Note: The 5-Day Forecast was updated for the entire area tonight.
Today was a partly cloudy day across the area with chilly and breezy conditions, with high temperatures in the upper 30s to lower 40s inland and in the lower to mid 40s for the rest of the area. Temperatures this morning were cold, but not as cold as expected due to more cloud cover than expected, with NYC failing to drop below the freezing mark. Temperatures are currently dropping very slowly across the area, but with clear skies and a high pressure, temperatures tonight should be cold again, and will likely be colder than those of this morning.
Temperatures should start warming up by Monday, with a storm expected to bring widespread heavy rain, windy conditions and potentially thunderstorms on Wednesday, being why I have a Rain Watch, or a 30-70% chance of rainfall amounts near or over 1 inch in effect for the central and western parts of the area. Temperatures should cool down again behind this storm, with the pattern setting up for what could be an active period of time in the longer range.
Tomorrow should be a mostly sunny day across the area with a light WNW to NW wind expected. High temperatures will be in the lower to mid 40s inland and in the mid to upper 40s for the rest of the area.
Looking across the rest of the region, high temperatures should be slightly warmer than those of today, in the 30s to lower 40s and some 20s in the higher elevations. The southern Mid Atlantic should be slightly cooler, with highs in Washington DC and Virginia in the upper 40s to lower 50s.
Monday: Warming Up
On Monday, a low pressure near the Midwest and an exiting trough in the region should lead to warmer temperatures in the area. High temperatures will peak in the mid to upper 40s inland and in the upper 40s to lower 50s in the immediate NYC area, however temperatures will only continue to get warmer from this point through Wednesday.
Tuesday – Wednesday: Storm Produces Heavy Rain, Wind
On Tuesday, a strong low pressure should be present near the Great Lakes, moving NNE and bringing a cold front through the Ohio Valley and the Southeast, slowly moving east. This front will be capable of producing heavy rainfall and potentially strong/severe thunderstorms. For the scenario map on Tuesday, please refer to the map posted on the November 25 update.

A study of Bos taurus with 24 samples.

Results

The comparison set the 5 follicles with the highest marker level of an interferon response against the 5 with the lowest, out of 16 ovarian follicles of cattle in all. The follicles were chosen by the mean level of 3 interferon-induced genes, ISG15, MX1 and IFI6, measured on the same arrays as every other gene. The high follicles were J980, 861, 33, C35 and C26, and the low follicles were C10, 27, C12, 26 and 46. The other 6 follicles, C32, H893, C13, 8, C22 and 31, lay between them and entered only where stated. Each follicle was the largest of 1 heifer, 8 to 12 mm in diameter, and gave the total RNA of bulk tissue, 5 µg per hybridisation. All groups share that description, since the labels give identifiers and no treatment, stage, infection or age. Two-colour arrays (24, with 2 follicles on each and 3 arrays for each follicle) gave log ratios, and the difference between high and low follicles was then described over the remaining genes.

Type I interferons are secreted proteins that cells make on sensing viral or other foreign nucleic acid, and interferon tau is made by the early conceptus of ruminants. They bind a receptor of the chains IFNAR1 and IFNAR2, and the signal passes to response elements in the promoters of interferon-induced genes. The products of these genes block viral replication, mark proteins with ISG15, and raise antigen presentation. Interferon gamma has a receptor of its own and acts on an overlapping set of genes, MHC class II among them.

Overnight on Tuesday, the storm will approach the area, with a wave of low pressure forming along the boundary and enhancing the rainfall around Pennsylvania. Tuesday night will be mainly cloudy for the area with rising temperatures as a warm air mass moves into the area, and rain increasing in intensity by the morning.
As the warmest air mass will be over the area on Wednesday, with 850 mb temperatures above 10c, high temperatures will peak in the upper 50s inland, and in the lower 60s in the immediate NYC area. Heavy rain will fall, mainly in the second half of the day, along with windy conditions. Some thunderstorms are also possible on Wednesday. By the time that the rain ends on Wednesday night, rain totals could range from 1 to 3 inches of rain across the area. Stay tuned for more details on this storm.
Longer Range: Cold End To Week, Storm Potential To Follow
After this storm, a much colder air mass should move into the area for Thursday and Friday. While it is uncertain how cold it gets, it appears that the cold air mass could be locked up over the area until at least Saturday, which if this scenario verifies, temperatures could be even colder than today and tomorrow, with high temperatures in the mid 30s to lower 40s and low temperatures in the upper 10s to upper 20s possible. These numbers could change over the next few days, so stay tuned for more details.
Those who have been watching the long range GFS model have been seeing crazy solutions showing up on the model, with several consecutive large storms affecting the Northeast after December 4-6, with cold air trapped over the area. The GFS seems to be incorrectly handling the pattern, and will likely change over the next few days. The ECMWF is showing a low pressure moving west to east across the United States, with redevelopment off the coast and potential for frozen precipitation in the northern Mid Atlantic. The models are all over the place with this storm as they are having difficulty handling the pattern, though it is likely that a storm should be present in this time frame and could affect the area. Stay tuned for more details on this potential storm and how it may affect the area.